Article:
Orthopedic providers are responsible for some of the highest-cost outpatient procedures in the healthcare market today, from total knee replacements and spine surgery to ancillary services, including imaging and physical therapy.
Until recently, those high costs didn’t matter so much to insured patients who only had to fork over a fraction of the total price for various procedures.
But that’s slowly starting to change, as patients are increasingly expected to pay for more of their healthcare. In fact, today patients are now the third-largest payer, behind Medicare. As noted by a TransUnion Healthcare analysis, patients experienced an 11 percent rise in average out-of-pocket costs during 2017, up from $1,630 in the fourth quarter 2016 to $1,813 in the fourth quarter 2017. And the medical specialties with the highest average out-of-pocket estimates included orthopedics ($1,663), followed by plastic surgery and neurology.
For orthopedic surgeons and rehabilitative professionals in outpatient settings — who have enjoyed a steady flow of business as patients opt for procedures outside of traditional hospital settings —this is a problem. When patients are asked to pay larger portions of their medical costs, but can’t afford to, doctors will have to employ new strategies to avoid bad debt on services rendered and to ensure patient volumes do not materially decline due to an inability to afford the service.
That’s why it’s more important than ever, right now, for orthopedic practices and other rehabilitative professionals to adopt much more proactive approach to collecting patient payments. We can no longer send a bill for $500, or more, and expect a patient to pay it immediately, without hesitation.
Here are four proactive strategies orthopedic practices can use to encourage prompt patient payments:
1. Be completely transparent about costs
The increase in patient cost-sharing is driven by a higher utilization of high-deductible health plans in addition to higher copays. So, if your patient, who is already paying more up front, sees a high post-surgical bill without any advance warning, he or she may feel angry or confused. Understandably, it’s not easy to change patient expectations, especially for older patients who have experienced a lifetime of fee-for-service care models and expect blanket payer coverage.
However, those practices that are transparent, and offer complete visibility into EOBs, payment expectations, and so forth, have a better chance of reducing the number of disgruntled patients who don’t want to pay their bills after their appointment. Having the most current cost estimates from a cost-estimator solution, prior to or at the point of care, should be standard practice.
2. Verify eligibility…and verify again
In addition to being transparent about pricing, practices should also be more proactive in verifying eligibility when a patient makes an appointment, and again at check-in, before a patient sets foot into the exam room. Eligibility denials are one of the leading types of denials, yet they are easily avoidable. Always make sure to confirm coordination of benefits while verifying eligibility and coverage benefits. While you’re checking eligibility, go ahead and confirm the patient’s demographic information and collect an email address and cell phone number for automated appointment reminders and e-statements.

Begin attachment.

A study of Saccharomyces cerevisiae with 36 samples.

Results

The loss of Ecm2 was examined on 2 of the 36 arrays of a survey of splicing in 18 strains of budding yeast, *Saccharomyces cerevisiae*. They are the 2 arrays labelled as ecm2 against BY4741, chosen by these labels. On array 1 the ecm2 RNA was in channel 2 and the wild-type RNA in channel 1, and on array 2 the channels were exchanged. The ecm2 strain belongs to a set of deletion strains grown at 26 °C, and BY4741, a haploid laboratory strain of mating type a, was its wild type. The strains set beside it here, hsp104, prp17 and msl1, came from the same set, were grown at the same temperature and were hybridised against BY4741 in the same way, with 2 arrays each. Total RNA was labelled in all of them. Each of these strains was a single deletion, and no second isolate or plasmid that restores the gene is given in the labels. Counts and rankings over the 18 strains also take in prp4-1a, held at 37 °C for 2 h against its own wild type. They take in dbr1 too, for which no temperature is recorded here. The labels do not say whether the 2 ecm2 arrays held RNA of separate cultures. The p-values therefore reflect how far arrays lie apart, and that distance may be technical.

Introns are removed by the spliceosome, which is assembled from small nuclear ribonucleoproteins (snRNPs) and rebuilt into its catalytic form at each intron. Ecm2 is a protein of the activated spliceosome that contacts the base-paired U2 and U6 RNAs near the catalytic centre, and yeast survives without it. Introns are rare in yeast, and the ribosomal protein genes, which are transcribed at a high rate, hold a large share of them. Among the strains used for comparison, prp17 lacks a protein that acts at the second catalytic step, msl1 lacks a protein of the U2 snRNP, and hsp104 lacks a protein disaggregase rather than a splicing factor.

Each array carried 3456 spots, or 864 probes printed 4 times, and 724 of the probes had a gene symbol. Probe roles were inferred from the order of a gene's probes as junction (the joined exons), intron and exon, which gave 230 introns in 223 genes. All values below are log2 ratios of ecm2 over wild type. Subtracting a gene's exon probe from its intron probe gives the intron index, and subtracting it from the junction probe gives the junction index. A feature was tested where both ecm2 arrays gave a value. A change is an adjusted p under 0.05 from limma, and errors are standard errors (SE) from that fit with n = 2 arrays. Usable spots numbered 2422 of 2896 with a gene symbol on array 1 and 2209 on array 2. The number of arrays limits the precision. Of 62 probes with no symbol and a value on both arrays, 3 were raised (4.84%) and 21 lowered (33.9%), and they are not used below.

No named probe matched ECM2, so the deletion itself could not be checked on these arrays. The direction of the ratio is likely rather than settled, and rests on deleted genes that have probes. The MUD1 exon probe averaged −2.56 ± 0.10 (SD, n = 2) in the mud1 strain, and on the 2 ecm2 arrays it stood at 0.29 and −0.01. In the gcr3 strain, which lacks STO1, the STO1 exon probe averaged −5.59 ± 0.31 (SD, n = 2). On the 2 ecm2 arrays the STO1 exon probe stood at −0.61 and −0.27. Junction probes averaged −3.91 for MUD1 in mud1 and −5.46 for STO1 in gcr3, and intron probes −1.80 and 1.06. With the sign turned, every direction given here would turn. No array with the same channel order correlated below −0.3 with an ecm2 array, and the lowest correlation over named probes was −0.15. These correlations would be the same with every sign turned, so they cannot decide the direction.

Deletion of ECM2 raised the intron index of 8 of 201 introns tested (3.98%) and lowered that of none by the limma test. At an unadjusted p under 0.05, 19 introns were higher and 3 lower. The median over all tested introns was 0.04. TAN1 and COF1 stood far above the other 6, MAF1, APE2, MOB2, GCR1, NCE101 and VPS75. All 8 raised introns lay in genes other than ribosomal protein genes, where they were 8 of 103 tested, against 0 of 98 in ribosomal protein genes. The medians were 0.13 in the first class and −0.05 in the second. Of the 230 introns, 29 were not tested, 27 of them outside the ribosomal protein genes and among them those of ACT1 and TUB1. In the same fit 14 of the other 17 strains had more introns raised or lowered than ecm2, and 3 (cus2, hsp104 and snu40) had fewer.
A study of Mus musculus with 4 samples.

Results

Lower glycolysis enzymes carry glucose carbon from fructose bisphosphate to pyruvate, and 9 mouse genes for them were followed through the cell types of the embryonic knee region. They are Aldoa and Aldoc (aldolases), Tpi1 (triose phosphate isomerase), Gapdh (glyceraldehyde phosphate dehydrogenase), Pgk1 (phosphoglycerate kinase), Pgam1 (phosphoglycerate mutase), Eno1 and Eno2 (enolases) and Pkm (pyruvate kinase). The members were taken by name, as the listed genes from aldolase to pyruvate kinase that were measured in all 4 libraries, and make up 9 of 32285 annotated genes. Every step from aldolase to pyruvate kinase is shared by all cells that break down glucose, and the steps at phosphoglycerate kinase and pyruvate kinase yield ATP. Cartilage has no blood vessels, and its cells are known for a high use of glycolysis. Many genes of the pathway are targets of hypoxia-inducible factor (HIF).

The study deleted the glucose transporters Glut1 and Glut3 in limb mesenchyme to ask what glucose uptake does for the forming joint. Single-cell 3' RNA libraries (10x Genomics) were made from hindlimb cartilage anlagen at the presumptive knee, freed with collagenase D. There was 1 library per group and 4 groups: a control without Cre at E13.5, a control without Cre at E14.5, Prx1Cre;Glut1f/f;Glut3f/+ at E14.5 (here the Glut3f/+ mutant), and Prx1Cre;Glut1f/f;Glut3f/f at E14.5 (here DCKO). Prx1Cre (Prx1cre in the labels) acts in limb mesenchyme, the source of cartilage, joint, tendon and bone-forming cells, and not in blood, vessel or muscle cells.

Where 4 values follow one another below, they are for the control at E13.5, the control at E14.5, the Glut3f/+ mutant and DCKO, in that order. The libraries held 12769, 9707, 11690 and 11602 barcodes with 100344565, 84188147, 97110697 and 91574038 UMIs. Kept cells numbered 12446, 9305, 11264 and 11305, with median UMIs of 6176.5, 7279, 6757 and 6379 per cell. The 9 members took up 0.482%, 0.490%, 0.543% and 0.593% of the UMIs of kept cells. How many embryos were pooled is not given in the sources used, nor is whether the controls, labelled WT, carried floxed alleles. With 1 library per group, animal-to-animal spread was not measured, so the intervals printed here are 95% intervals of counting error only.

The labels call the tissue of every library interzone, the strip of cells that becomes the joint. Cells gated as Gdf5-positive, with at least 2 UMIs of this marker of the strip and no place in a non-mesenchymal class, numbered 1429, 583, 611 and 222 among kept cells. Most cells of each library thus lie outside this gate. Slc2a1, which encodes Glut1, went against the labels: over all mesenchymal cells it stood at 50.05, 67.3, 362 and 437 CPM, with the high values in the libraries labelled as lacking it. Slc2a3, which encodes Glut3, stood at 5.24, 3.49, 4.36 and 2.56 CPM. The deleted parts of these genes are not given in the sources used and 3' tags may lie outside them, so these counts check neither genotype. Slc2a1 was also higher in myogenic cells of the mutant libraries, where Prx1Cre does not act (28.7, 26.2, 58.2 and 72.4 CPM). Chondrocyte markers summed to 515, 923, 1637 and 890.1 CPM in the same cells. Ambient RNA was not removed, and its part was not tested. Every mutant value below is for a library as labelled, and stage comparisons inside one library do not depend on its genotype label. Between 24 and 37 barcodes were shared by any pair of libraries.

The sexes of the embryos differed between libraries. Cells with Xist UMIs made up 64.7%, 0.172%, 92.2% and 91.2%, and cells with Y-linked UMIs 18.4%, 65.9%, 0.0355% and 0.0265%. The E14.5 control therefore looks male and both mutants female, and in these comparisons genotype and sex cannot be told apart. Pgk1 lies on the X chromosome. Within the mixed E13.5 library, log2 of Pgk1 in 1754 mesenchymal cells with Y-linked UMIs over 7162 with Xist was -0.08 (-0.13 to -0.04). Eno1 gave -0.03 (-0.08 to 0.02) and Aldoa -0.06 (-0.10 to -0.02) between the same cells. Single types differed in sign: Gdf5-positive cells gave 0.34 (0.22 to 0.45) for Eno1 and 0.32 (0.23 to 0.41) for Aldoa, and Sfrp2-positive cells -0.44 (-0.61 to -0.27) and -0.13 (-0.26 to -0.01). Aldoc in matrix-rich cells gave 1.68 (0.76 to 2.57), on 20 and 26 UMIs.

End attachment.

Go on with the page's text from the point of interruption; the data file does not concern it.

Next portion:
3. Encourage Prepayment
A growing number of healthcare organizations are requesting payment of unmet deductibles or out-of-pocket expenses in advance of the patient’s appointment. But the more a patient has to shell out in advance, the trickier this kind of request can get. Offering a payment plan or financing options for more expensive procedures can help ease the burden. Another up-front strategy that’s working for some organizations is to offer a discount — say, 10 percent to 15 percent off the out-of-pocket total — for paying in full, up front if your managed care contracts allow discounts. While every organization is different, practices that regularly employed this tactic have noted that patients appreciate the discount. Also, the more money we can collect up front, the less work we have to do on the back end. Remember statement costs, human capital costs for follow up on aged patient balances and high collection agency fees can really increase the provider’s costs to collect.
4. Leverage Automated Technology
So much of the revenue cycle is still reliant on back-end collection processes — like mailing statements or calling patients with reminders to pay up. However, time and again, these efforts yield low success rates. While leveraging automation on the back end doesn’t sound proactive, it is much more effective than making manual phone calls. By replacing manual calls with an auto-dialer your practice can reach more patients. Even if 10 percent of those patients contacted pay their bills, it will save additional collection headaches down the line. In addition to auto-dialers, mobile engagement with text and email to facilitating the collection of outstanding patient liability is also gaining popularity.
By approaching medical payments proactively, healthcare providers are protecting themselves from the misery of back-end collections. Even more important? Providers who are proactive show their patients that they are not afraid to approach difficult conversations about costs — and that they care, not only about patients’ physical health, but their financial well-being too.